I recently discovered an old, old cover letter I’d written (being used as a bookmark in a Brewer’s Dictionary of Phrase & Fable) back when I worried about my very spotty cv. “Years of international experience across different areas in a variety of industries - combined with blah blah blah - make me the ideal candidate for the position of . . .” was how I tried to gloss over my “gap year” of seven years, the stretches of time I spent traveling (unemployed), and my jumps from kitchen to gym back to kitchen to sub to shop to cruise ship to office back to kitchen . . .
Grand Cayman, late 90s, co-pilot, Atlantis Submarines. (The epaulettes are great, but where's my hat? Why am I not wearing more sunscreen? Why am I not sitting up straight?)
It made me smile; I was so earnest, determined to find the skill set each random job had given me that resulted in my “ideal candidacy” for whatever position I was applying for.
It makes me smile; because I haven’t changed.
So long ago I wore a watch, not a Fit Bit, to tell time. So long ago I wore tights. And yes, this has been my hair style ("style" - ha ha) for almost half a century!
At the start of this Dementia journey, I worried that I had no training, and that my inexperience could harm the man I love most in the world. My nephew suggested that what’s needed is a course for spouses like me. That parents-to-be can take lessons in how to wipe a bum, change a diaper, dress someone who is unable to help with the process. Maybe if I’d been lucky enough to raise a family, some of the things I didn’t know wouldn’t have been so unfamiliar. (Although I imagine that changing a child’s diaper is very different to changing a spouse’s diaper.)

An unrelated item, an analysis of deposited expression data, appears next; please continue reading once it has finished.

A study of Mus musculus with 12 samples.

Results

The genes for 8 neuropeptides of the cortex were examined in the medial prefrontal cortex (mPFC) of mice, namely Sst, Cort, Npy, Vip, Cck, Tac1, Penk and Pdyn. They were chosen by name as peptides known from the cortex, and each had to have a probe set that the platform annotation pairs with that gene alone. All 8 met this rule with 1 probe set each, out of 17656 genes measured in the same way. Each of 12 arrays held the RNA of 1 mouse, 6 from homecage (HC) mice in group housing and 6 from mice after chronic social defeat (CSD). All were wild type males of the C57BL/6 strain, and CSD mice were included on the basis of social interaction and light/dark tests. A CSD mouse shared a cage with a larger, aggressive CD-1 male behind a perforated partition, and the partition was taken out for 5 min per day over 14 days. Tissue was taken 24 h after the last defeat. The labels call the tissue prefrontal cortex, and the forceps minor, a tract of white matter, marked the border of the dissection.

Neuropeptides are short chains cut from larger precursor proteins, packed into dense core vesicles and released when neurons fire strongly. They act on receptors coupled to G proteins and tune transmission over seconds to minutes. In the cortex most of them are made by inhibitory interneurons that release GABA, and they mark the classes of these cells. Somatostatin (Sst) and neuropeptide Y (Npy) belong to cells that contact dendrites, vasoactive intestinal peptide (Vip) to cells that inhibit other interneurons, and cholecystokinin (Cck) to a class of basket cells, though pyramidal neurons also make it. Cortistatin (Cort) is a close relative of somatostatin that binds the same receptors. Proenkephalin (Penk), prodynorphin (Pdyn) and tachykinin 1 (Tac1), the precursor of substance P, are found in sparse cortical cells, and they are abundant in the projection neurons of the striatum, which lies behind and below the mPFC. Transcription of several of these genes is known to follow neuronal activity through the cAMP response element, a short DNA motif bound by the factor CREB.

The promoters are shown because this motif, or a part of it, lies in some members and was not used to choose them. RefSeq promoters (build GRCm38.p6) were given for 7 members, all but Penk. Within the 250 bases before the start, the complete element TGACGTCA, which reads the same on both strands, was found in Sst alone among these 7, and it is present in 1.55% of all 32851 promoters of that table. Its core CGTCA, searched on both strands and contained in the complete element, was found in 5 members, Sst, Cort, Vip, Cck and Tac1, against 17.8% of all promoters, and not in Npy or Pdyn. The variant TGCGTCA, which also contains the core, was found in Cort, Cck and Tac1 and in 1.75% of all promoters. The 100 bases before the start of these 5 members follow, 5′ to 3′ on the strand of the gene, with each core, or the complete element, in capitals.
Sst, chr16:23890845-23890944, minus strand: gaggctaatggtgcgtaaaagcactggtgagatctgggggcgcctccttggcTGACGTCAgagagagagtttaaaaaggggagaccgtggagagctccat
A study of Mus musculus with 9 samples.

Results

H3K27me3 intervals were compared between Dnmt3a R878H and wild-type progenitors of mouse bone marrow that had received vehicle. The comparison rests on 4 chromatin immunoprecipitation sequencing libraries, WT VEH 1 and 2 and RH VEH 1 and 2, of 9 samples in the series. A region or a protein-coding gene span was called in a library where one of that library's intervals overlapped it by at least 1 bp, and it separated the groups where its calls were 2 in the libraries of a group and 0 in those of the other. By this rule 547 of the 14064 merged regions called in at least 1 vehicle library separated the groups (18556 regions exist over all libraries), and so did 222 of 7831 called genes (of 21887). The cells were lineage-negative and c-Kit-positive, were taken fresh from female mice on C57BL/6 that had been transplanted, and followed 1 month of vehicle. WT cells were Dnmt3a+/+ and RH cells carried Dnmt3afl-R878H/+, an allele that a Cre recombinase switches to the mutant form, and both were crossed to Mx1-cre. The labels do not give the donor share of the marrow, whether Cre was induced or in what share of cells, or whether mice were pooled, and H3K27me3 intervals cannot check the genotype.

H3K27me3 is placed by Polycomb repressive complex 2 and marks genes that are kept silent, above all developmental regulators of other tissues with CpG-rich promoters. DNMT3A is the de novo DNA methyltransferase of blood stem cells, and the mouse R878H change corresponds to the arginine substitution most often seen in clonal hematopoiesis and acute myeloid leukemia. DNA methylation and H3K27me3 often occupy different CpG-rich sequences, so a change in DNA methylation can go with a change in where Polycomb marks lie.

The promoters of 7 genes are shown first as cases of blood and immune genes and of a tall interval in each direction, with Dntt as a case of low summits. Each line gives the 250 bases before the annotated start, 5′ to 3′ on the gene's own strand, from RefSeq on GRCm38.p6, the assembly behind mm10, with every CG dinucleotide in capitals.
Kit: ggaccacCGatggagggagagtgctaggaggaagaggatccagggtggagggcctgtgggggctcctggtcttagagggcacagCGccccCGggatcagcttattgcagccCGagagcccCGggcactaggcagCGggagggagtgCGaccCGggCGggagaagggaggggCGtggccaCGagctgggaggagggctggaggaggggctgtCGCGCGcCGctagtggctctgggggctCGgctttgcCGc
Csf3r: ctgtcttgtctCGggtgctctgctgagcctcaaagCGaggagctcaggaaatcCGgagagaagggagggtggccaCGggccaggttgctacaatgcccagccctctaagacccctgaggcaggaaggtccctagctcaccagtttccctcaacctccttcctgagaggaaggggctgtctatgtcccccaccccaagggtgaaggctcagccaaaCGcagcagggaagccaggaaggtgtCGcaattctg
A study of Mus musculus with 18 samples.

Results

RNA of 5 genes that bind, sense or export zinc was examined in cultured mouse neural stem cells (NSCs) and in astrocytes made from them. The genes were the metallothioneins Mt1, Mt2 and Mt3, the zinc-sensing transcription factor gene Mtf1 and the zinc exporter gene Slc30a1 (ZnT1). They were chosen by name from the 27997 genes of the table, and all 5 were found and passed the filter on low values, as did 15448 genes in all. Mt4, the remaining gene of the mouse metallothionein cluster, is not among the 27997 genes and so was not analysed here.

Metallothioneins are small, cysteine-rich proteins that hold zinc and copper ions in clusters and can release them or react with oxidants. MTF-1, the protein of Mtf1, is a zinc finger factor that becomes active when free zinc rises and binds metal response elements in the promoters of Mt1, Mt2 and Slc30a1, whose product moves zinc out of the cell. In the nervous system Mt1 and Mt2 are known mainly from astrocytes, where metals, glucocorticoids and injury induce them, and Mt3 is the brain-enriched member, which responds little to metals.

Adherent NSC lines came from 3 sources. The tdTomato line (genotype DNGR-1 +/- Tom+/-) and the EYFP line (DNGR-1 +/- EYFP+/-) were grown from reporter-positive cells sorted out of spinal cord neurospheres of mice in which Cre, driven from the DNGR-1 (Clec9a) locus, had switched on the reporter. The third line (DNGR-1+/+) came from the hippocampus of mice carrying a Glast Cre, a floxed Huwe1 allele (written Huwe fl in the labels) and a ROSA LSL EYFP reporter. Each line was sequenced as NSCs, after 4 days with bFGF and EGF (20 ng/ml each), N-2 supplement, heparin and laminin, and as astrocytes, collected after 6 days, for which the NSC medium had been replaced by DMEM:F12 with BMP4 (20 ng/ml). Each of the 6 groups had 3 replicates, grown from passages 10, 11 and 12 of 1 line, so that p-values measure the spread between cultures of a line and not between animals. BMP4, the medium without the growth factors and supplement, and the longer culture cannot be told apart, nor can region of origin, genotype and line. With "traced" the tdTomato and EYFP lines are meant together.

I was moved by my nephew’s suggestion, grateful for his insight and compassion. Since the beginning of Doug’s illness, my nephew has been thoughtful, helpful, and kind. One holiday he took Doug to the washroom multiple times a day under the ruse of needing it himself, when Doug was unwilling to admit he didn’t know how to find it. He played Chess without winning every game, long after Doug had forgotten the rules. When he noticed Doug struggling to zip up his coat, or cut his meat, he managed to help in such a way that Doug took no offence. One day Doug turned up at my sister’s house, completely lost, and my nephew said, “Oh, I was just heading that direction myself,” and took him home. His generosity, his simple acts of kindness, his figuring out what needed to be done and just doing it was often the gentle reminder I needed that I just have to do the best I can.
I first read A Prayer for Owen Meany many years ago. There is a moment towards the end of the novel when everything clicks in to place and the reader realises, at the same time as the characters, what a hundred small incidents have been leading towards. I remember the novel as a wonderful piece of writing and that moment at the end as especially powerful. It was the reverse of throwing a pebble into the lake and watching waves ripple out . . . instead all the waves, for the entire novel, had been moving towards this tiny, yet life-changing, pebble.
I tell myself that everything I have experienced, everything I have learned, has contributed, in some way, to my ability to be a caregiver. When I worked in a trilingual kitchen and travelled solo through countries whose languages I didn’t speak, I learned non-verbal communication skills. When I was a co-pilot on the tourist submarine, part of my job comprised making the ordinary sound extraordinary, and helping people see and understand what they might otherwise have missed. My role as a cruise ship liaison taught me patience. Various jobs across the years (swimming instructor, peer supporter) taught me how to share knowledge. My Aunt Em lived with Parkinson’s Disease - watching her caregivers was a hands-on how-to course. Living through Covid is teaching me . . . so much.
It’s possible the only person I’m fooling is me. But that’s OK; I’m the only person who needs to believe this story I’m telling myself.